4th November 2019 · ‘Rhapsody in Blue’

Presenter: Ken Grainger

Thirty Members and friends were present at Weston Favell on Monday afternoon. Many of us had pondered the content, and we were delighted to discover that Ken Grainger was referring to the beautiful mid-blue livery carried by many of the steam engines running in Ireland during the 1950s. The talk was a little more than that however, and we were treated to trips from various stations from all over the island. During the 1950s, the largest engines for passenger workings were the 4-4-0 tender engines, wearing the blue of Ken’s title. For the surprisingly large amount of freight, the largest engine were 0-6-0 liveried mostly in well turned out black. It was helpful that the occasional dirty engines appeared to highlight the condition of the clean ones.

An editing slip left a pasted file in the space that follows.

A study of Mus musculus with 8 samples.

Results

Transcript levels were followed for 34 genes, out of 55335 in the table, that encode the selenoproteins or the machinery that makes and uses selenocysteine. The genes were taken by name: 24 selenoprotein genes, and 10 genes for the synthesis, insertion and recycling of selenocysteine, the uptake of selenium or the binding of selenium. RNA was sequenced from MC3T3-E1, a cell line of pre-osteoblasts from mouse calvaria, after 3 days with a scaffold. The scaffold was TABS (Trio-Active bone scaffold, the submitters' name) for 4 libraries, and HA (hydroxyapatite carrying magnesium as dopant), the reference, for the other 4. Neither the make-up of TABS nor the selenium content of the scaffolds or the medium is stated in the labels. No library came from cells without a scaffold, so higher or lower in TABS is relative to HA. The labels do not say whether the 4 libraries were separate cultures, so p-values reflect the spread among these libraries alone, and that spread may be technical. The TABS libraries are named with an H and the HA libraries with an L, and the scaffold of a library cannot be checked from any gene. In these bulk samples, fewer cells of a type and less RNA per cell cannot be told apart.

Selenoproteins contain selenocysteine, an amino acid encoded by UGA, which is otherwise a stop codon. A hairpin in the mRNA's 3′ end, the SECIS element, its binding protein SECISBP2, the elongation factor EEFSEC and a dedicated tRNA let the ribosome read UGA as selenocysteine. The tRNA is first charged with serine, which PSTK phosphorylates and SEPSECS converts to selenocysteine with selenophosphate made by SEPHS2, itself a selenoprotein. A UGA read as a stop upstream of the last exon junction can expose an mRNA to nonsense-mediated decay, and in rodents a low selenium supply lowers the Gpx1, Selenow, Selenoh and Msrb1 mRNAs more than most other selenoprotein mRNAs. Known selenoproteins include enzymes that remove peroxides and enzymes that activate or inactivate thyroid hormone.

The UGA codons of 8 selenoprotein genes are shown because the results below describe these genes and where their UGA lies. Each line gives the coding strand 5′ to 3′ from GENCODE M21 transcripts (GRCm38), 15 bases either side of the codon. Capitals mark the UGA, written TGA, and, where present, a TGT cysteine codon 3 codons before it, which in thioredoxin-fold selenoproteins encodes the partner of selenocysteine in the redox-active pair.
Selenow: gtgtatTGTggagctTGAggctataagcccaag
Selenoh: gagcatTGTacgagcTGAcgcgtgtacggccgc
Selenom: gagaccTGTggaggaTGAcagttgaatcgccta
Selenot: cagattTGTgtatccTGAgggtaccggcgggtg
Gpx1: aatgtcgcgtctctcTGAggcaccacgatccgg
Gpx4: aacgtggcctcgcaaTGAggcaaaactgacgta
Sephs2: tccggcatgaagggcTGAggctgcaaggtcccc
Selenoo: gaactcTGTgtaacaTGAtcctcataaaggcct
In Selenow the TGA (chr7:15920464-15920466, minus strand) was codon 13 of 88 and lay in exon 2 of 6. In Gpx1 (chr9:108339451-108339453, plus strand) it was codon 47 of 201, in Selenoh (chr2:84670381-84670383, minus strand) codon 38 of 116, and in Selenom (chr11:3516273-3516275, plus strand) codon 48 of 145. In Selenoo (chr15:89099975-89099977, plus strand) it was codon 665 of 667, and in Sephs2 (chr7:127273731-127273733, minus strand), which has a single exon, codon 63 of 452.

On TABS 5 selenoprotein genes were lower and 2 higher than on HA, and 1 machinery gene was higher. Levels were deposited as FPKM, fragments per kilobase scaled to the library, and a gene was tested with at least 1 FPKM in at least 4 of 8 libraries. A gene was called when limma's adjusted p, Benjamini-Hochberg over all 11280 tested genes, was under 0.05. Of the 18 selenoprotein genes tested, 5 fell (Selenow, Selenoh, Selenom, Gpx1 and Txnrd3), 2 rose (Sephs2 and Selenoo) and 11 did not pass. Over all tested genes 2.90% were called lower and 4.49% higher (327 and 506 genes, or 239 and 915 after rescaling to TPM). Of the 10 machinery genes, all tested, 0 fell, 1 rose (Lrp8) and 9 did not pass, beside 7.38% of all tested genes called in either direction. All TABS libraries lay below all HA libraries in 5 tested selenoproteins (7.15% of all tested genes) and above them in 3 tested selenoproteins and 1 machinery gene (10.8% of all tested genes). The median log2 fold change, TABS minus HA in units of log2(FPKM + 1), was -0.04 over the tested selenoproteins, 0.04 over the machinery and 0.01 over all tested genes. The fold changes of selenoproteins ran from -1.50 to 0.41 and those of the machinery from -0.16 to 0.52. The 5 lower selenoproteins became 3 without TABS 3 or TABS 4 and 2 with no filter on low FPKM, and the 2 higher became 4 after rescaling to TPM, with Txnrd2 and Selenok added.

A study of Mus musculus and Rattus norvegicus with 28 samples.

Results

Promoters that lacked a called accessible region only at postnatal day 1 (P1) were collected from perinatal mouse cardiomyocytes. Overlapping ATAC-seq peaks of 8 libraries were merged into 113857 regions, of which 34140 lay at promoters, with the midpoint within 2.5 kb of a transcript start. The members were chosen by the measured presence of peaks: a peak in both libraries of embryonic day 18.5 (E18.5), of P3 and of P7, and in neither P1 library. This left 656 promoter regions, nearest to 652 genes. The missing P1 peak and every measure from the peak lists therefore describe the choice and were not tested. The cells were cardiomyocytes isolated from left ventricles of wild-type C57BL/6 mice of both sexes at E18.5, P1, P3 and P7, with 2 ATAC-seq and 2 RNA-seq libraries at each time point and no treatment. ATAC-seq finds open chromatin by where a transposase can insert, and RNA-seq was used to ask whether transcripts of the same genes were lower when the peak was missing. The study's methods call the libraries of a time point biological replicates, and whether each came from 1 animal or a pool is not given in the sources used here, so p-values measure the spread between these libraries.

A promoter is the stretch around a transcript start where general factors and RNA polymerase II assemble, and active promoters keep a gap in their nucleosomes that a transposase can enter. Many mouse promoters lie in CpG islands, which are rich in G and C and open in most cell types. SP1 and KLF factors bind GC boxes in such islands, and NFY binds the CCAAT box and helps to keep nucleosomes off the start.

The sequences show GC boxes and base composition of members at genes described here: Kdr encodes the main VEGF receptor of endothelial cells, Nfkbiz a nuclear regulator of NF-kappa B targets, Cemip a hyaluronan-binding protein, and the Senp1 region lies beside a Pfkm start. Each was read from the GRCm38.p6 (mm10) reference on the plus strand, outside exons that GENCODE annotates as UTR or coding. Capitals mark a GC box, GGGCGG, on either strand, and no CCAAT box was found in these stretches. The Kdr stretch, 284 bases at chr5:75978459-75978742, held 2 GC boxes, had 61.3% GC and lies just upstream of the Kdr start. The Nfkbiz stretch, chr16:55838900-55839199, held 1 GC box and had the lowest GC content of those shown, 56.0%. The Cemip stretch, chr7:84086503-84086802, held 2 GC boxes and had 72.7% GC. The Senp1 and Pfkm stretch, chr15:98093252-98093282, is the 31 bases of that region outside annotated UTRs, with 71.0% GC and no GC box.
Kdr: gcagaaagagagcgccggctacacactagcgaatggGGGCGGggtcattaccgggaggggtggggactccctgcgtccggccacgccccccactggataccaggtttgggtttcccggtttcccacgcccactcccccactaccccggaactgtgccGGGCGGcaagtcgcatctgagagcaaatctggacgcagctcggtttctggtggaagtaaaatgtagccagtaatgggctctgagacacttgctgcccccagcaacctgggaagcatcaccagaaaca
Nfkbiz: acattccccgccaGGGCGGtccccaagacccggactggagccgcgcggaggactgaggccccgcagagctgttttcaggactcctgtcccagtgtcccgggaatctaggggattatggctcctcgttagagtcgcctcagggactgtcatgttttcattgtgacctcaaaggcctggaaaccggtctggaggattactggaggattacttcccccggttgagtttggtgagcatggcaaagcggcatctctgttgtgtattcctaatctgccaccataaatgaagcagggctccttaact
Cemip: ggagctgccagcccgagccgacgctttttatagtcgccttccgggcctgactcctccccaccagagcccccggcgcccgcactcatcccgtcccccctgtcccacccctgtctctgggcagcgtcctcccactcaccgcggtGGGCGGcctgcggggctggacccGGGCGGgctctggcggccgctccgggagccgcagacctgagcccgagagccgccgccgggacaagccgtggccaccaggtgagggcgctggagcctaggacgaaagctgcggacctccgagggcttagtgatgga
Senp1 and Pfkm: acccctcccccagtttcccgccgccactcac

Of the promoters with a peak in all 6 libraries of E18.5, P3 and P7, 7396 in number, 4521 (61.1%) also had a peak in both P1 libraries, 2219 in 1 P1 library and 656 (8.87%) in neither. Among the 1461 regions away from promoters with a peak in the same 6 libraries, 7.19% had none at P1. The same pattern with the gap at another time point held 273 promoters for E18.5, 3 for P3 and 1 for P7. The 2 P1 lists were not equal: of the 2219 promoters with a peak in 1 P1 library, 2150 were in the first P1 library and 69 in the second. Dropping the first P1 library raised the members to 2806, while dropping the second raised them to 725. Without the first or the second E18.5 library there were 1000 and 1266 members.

Many 1950s enthusiasts were too engrossed in saving local images, and were probably biding their time to “do” Ireland until they had reached local satisfaction. That this aim was rarely reached did not attract many of us to get to the Emerald Isle, where Ken had to admit, the sun was not always as vivid, or even as present, as his grand selection of slides might have indicated!

The Dublin Connelly Street station of today is apparently still habitually referred to as Amiens Street – good for them! A similar situation with our long lost, but never referred to by real locals, “Northampton” versus “Northampton Castle”.

With typical Irish humour, the only tramcar owned by the Fintona Tramway Company carried number 381.

An excellent presentation from Ken yet again.